Questions after Har Nof
By Ilan Bloch:
Eleven years ago, I made Aliyah to Jerusalem – at the tail end of the Second Intifada. I can count the number of terror attacks in the city which occurred during my first year or two of Aliyah on one hand.
I recently attended the International Exposure to Rock and Indie opening night at Jerusalem’s Yellow Submarine. It was a strange experience. On the one hand, it was only a day after the heinous terror attack in the Har Nof shule which claimed five lives. On the other, as the Ministry of Foreign Affairs Culture Department spokesperson at the event made clear – Jerusalemites are actually really glad when international visitors and tourists don’t cancel their plans because of terrible incidents such as this one.
As a Jerusalemite, I was happy to be at a musical showcase with performers from three continents in one of Jerusalem’s top night spots. But I was also terribly troubled, and my mind was racing with questions.
Could I enjoy myself during a night out in Jerusalem after what happened the morning before?
Is it really enough just to acknowledge the tragedy and then move on with the night as planned?
If I had changed my plans would I “be letting terror win?”
Is it sometimes appropriate to change plans in the face of mourning? If the answer is so clear on a personal level, why is it not on a national level?
Why hadn’t I felt this way in relation to the previous terror attacks? Did this one hit home because as much as I don’t see my reasons for being in Israel as relating to Jewish power and self-rule, there was something so Diasporic/Exilic about Jews dying al Kiddush hashem (as martyrs), butchered in the middle of tefilah?
I find myself disturbed by the proposal of placing guards outside synagogues during services partly because one of the reasons I came here was to leave such a security predicament behind.
I didn’t “escape” from Australia, yet the idea of Israel as a “safe haven” was/is so ingrained in me from my Zionist upbringing that it is difficult not to be shocked by the fact that this particular attack took place in Jerusalem under Israeli rule. (Of course, we shouldn’t lose perspective; the security forces who put a stop to the nefarious act were Israelis and they were defending Jews, not sponsoring the murder like in Tsarist Russia.)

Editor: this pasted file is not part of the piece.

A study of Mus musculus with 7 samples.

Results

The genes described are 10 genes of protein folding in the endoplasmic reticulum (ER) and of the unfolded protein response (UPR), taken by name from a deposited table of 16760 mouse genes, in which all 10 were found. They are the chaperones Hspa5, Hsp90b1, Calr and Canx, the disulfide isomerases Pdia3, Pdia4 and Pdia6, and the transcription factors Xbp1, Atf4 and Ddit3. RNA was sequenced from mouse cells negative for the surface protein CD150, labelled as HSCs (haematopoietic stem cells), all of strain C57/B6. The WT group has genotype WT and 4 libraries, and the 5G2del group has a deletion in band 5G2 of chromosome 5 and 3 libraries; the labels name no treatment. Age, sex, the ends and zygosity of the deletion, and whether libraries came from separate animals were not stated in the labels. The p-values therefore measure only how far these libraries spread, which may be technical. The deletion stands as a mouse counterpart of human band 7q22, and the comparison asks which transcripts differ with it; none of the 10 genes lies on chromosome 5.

I wonder if Jerusalemites who left the city for places like Modiin, or people born and raised in Tel Aviv, have these thoughts? If they don’t, does that allow them to find more meaning in their lives because they don’t need to deal with all of this, or does the ideological self-reflection which perhaps takes place more easily and richly in Jerusalem bring meaning to its residents? Or does constant reflection forbid Jerusalemites from finding meaning on a more basic level?
And then I wonder, even though I am not at all scared in regard to my personal security, as a tour guide, who wants more tourists to come to Israel –including to Jerusalem – should I even be writing this post? Does talking about it facilitate necessary processing, for Jerusalemites, Israelis, Diaspora Jews and others? Or by discussing it continuously do we not only pay due honour to the victims’ memory but also enhance the evil perpetrators’ aim of terrorising?
Ilan Bloch is the Director of Teaching Israel and a licensed Israeli tour guide.